Saudi Arabia announces 5 new MERS deaths, death toll hits 152

A man wearing a mask looks on as he stands in front of camels at a camel market in the village of al-Thamama near Riyadh May 11, 2014. -- FILE PHOTO: REUTERS
A man wearing a mask looks on as he stands in front of camels at a camel market in the village of al-Thamama near Riyadh May 11, 2014. -- FILE PHOTO: REUTERS

JEDDAH (AFP) - Saudi Arabia announced Tuesday five new deaths from MERS, raising the death toll in the country worst-hit by the mysterious coronavirus to 152 since it appeared in 2012.

The health ministry also reported four new infections with Middle East Respiratory Syndrome raising the total so far to 495.

The new deaths occurred on Monday, four of them in Red Sea commercial hub Jeddah and one in the capital Riyadh.

Acting health minister Adel Fakieh visited Jeddah's King Fahd Hospital where a spike in infections last month sparked public panic.

Fakieh, who last week sacked the hospital's director, said it would remain one of a number of facilities across the country dedicated to the treatment of MERS.

He told reporters they would all receive new medical equipment to allow them "to offer the highest level of care for patients infected."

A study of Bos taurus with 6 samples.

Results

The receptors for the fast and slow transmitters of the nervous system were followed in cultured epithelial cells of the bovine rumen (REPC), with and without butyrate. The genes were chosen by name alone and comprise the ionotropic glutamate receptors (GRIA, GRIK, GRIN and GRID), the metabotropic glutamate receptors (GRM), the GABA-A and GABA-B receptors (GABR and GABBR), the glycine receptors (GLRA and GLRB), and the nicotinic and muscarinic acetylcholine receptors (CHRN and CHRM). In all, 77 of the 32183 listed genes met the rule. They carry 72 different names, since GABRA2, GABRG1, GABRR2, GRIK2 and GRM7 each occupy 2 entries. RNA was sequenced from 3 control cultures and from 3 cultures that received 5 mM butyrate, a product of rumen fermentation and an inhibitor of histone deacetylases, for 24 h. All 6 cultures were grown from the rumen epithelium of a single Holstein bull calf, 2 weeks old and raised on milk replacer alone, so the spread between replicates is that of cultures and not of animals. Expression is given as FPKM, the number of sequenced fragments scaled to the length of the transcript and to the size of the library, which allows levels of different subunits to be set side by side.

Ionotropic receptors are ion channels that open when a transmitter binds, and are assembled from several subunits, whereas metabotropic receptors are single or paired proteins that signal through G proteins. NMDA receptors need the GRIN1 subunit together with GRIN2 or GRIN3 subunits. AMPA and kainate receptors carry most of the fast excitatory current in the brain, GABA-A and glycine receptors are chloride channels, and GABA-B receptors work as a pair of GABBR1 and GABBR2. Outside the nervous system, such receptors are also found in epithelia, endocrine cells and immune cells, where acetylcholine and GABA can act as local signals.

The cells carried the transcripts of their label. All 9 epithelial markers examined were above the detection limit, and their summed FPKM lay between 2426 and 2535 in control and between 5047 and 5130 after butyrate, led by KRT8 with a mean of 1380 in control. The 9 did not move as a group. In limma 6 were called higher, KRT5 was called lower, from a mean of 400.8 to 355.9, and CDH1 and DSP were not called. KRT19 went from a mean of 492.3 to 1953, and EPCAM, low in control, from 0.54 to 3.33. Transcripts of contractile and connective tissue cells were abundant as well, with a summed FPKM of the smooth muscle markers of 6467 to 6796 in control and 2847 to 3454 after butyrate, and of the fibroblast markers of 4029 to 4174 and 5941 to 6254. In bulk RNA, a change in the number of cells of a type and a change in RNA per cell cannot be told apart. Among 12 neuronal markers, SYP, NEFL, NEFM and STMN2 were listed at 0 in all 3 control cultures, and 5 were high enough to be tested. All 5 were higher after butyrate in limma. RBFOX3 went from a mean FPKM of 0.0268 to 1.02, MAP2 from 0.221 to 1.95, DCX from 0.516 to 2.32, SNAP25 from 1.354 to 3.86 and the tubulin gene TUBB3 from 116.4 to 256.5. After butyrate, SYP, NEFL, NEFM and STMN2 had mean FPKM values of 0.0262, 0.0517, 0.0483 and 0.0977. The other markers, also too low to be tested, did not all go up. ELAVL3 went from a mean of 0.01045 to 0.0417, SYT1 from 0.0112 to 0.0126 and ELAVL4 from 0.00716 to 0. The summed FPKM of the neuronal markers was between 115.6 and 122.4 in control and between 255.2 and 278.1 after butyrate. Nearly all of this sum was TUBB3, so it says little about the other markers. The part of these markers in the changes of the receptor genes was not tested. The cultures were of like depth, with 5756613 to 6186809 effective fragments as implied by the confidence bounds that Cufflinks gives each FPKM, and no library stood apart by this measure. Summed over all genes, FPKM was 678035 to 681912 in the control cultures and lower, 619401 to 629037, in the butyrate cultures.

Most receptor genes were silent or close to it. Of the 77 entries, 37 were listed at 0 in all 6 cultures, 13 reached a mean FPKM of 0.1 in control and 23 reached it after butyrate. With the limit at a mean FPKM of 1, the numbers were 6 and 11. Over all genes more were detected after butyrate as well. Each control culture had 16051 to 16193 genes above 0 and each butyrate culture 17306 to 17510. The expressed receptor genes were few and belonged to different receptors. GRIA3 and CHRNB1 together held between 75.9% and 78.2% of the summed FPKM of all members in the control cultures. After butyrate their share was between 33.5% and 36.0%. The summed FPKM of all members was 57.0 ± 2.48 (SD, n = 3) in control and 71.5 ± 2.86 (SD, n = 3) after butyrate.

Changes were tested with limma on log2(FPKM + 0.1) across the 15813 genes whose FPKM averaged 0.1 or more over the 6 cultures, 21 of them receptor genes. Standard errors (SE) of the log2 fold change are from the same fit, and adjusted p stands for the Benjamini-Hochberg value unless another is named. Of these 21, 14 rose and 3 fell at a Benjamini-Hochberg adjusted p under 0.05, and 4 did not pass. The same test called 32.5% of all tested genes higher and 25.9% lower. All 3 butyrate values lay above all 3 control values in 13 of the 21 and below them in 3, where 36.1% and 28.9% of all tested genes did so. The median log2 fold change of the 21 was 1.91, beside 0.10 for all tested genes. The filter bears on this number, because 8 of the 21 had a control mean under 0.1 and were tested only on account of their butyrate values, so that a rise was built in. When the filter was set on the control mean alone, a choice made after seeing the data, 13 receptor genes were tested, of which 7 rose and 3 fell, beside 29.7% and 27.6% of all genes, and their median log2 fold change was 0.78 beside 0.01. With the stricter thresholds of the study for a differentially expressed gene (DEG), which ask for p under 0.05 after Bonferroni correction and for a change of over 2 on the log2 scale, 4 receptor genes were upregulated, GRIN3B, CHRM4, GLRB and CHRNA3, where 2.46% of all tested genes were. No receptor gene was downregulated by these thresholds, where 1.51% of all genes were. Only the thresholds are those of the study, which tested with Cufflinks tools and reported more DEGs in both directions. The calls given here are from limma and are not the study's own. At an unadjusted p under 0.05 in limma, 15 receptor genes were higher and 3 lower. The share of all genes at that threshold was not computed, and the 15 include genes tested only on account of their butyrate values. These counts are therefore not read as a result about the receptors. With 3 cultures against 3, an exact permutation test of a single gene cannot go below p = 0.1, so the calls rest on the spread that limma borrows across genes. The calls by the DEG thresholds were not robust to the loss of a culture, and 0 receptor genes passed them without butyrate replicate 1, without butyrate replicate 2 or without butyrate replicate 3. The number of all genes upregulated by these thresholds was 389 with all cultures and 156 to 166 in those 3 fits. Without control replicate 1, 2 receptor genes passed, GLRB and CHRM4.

MERS is considered a deadlier but less-transmissible cousin of the SARS virus that appeared in Asia in 2003 and infected 8,273 people, nine percent of whom died.

Like SARS, it appears to cause a lung infection, with patients suffering coughing, breathing difficulties and a temperature. But MERS differs in that it also causes rapid kidney failure.

The vast majority of cases have been in Saudi Arabia, but MERS has also been found in 16 other countries, nearly all among people who had recently travelled to the Gulf.

A growing body of research has identified camels as the source of the virus and the Saudi agriculture ministry on Sunday urged camel handlers to wear masks and gloves.

"The illness spreads in two ways - from infected camels or within the hospital itself where there is a lack of measures to prevent the spread of the disease, whether in the dialysis or the emergency departments," Fakieh said on Tuesday.

A World Health Organisation team pinpointed breaches in its "recommended infection prevention and control measures" as being partly responsible for the spike in infections after a five-day inspection visit earlier this month.